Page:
We’ve had our eyes on this baby for quite some time, pun intended. I mean, the premise alone is intriguing: viewing the world through the eyes of a toddler and reliving our instinctive fear of the dark! It’s a more novel approach to horror and an inspired break from the usual gore-drenched tropes that are common in the genre. Now that Among the Sleep has finally arrived, we can see if it lives up to our expectations or if it’s just another memory gone awry.
It all begins innocently enough: you’re a baby sitting on a high chair whilst your affectionate mother speaks to you and cuts you some cake in celebration of your second birthday. All seems bright and cheerful, but a hint of melancholy is bubbling just beneath the surface. An unseen visitor arrives, which clearly distresses your mother, but she nonetheless returns in high spirits with a gift in hand. It turns out that the gift is a friendly teddy bear who proves to be sentient once your mother leaves you alone with him in your room. Waking up from your slumber late at night, the atmosphere has become considerably more malevolent; the teddy is missing, the house seems disturbed and you’re not sure if your mother is in danger. After reuniting with the baby’s newfound friend, our teddy-and-toddler duo set out to confront their demons and find out just what exactly is happening.
From cradle to grave
Despite being billed as a “horror” game, that classification isn’t entirely correct. It’s largely a first-person exploration game with some basic puzzle-solving, set pieces and the odd jolt. The atmosphere remains foreboding throughout, with darkness being used liberally to instil a sense of dread. Scale is utilized masterfully to drive the point home that you’re a small, weak and very vulnerable child. Audio cues are also employed willy-nilly; faint disembodied voices, creaks and bumps are omnipresent and go a long way towards revisiting that juvenile feeling that something is watching you from just beyond the very boundaries of the darkness. The teddy himself adds to the experience, cautioning the player and offering his thoughts on the situation at hand.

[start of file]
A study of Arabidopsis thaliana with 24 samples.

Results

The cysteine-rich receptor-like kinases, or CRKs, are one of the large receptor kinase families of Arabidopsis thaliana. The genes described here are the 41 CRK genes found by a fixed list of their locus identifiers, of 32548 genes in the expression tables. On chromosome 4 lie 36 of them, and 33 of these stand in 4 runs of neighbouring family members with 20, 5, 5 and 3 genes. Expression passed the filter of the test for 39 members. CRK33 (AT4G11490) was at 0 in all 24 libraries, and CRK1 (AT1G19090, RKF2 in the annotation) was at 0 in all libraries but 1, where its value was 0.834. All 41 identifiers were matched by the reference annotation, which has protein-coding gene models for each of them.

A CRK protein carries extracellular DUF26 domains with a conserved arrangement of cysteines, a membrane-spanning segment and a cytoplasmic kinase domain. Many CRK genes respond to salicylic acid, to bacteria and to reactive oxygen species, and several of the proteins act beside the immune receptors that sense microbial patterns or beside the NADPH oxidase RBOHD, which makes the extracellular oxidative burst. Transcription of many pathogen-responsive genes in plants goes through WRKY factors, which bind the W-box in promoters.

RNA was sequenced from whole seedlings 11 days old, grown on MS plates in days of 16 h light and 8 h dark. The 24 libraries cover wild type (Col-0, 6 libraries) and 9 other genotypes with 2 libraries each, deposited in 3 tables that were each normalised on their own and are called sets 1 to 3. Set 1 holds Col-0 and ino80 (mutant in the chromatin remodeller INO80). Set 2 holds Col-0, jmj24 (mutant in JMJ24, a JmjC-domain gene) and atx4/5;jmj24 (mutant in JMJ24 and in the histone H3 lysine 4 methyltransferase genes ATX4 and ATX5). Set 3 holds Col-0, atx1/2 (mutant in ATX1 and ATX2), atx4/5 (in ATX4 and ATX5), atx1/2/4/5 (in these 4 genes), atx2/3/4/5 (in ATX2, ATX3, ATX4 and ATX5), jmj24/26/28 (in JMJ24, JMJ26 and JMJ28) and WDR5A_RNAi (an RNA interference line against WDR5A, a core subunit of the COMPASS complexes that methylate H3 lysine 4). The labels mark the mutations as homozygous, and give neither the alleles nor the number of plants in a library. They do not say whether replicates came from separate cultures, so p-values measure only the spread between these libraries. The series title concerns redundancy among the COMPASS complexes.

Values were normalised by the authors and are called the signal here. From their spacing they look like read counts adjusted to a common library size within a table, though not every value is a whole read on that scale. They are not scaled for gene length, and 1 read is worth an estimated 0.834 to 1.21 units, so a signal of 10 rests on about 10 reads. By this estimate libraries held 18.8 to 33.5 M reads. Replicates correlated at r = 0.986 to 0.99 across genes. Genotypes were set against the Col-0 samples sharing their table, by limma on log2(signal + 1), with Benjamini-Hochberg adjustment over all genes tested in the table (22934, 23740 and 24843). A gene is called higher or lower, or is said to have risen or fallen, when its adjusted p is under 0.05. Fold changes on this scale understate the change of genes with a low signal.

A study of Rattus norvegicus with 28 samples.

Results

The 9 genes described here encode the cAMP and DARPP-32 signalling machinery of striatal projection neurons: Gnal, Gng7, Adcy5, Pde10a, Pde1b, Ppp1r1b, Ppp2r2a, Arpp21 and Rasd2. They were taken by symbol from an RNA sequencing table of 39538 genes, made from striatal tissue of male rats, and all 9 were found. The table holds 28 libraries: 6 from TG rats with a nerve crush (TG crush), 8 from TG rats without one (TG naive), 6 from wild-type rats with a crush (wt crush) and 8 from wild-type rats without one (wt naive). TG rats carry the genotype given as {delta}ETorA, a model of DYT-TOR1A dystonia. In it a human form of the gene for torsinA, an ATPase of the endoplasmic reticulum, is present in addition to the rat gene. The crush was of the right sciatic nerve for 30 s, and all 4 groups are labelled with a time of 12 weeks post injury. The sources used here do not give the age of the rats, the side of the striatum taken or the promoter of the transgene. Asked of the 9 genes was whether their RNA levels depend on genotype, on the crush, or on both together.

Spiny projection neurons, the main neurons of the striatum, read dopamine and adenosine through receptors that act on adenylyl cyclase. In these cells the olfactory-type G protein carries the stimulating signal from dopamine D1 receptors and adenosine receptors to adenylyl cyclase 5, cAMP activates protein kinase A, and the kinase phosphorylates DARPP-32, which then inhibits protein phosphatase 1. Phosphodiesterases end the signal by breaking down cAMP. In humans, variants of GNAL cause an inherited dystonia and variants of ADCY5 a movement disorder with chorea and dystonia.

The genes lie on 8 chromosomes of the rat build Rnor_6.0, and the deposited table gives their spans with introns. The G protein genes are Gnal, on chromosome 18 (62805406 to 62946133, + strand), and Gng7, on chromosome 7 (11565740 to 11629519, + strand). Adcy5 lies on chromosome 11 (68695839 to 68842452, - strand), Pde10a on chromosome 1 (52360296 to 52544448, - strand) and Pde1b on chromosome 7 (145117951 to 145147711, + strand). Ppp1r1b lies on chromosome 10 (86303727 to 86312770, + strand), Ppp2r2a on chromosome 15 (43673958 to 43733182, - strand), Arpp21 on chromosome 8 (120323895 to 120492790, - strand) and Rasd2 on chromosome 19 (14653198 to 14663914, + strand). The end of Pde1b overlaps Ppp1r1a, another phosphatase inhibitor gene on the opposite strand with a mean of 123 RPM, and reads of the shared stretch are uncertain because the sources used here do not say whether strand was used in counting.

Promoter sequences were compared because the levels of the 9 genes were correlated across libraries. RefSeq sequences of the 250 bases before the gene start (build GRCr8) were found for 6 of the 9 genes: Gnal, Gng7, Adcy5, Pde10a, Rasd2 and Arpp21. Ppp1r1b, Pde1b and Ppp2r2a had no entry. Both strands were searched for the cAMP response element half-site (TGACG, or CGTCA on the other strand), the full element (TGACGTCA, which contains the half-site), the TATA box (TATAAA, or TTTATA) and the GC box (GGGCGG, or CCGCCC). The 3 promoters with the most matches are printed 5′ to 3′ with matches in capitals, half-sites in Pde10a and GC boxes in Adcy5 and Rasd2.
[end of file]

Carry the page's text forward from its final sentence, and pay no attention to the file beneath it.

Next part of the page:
The world is imposing, but it shifts from downright creepy to borderline fantasy. Besides the tasks at hand, just moving around is fun and absorbing, soaking up the atmosphere and getting lost in the role in which you’re cast. The game’s finest moments, ironically, are when the focus shifts from the dark house at nighttime and into the more abstract and surreal locales. Most of your surroundings are pretty dark, but you may hug your teddy to provide illumination akin to a dim flashlight. However, you forfeit your grip on the toy whenever you crawl or interact with an item, so light is largely a luxury. You also walk slowly when gripping the teddy, so light also serves as a trade-off with speed.
A movement in its infancy
Though enjoyable, Among the Sleep‘s greatest flaw is that the excursion into its imaginative world is a brief one. It’s easy to complete the game in less than three hours, and that’s with some backtracking and getting stuck on a puzzle. It may be argued that added length would have resulted in the formula getting stale, but one can’t help but walk away wanting more.
Another more serious issue is the presence of glitches. Most of these are minor visual anomalies, such as polygon clipping, but occasionally a more serious bug appears. One in particular occurred in the game’s final sections, where a certain set piece failed to activate and left me with no choice but to restart from the most recent checkpoint. Thankfully the bug didn’t reappear, but its presence is a blotch in an otherwise fine piece of programming. The bug has yet to be addressed at the time of this writing, but hopefully we’ll see some patches in the near future.
With “art” games becoming more dominant in today’s market, it’s getting increasingly difficult to separate the truly avant-garde from formless rubbish, and Among the Sleep is, to our delight, an example of the former. While the setting alone could carry it, what really shines is that it’s actually an enjoyable game to play, whether playing takes the form of exploration, crawling under shelves to hide from monsters or figuring out how to get to unreachable areas.
Should you get it? Most definitely. It has to be experienced, though the short length and odd bugs are the only things preventing me from giving it a near-perfect score. Download it, play it late at night with the lights off and learn the hard way that being a kid again may not be all it’s cracked up to be.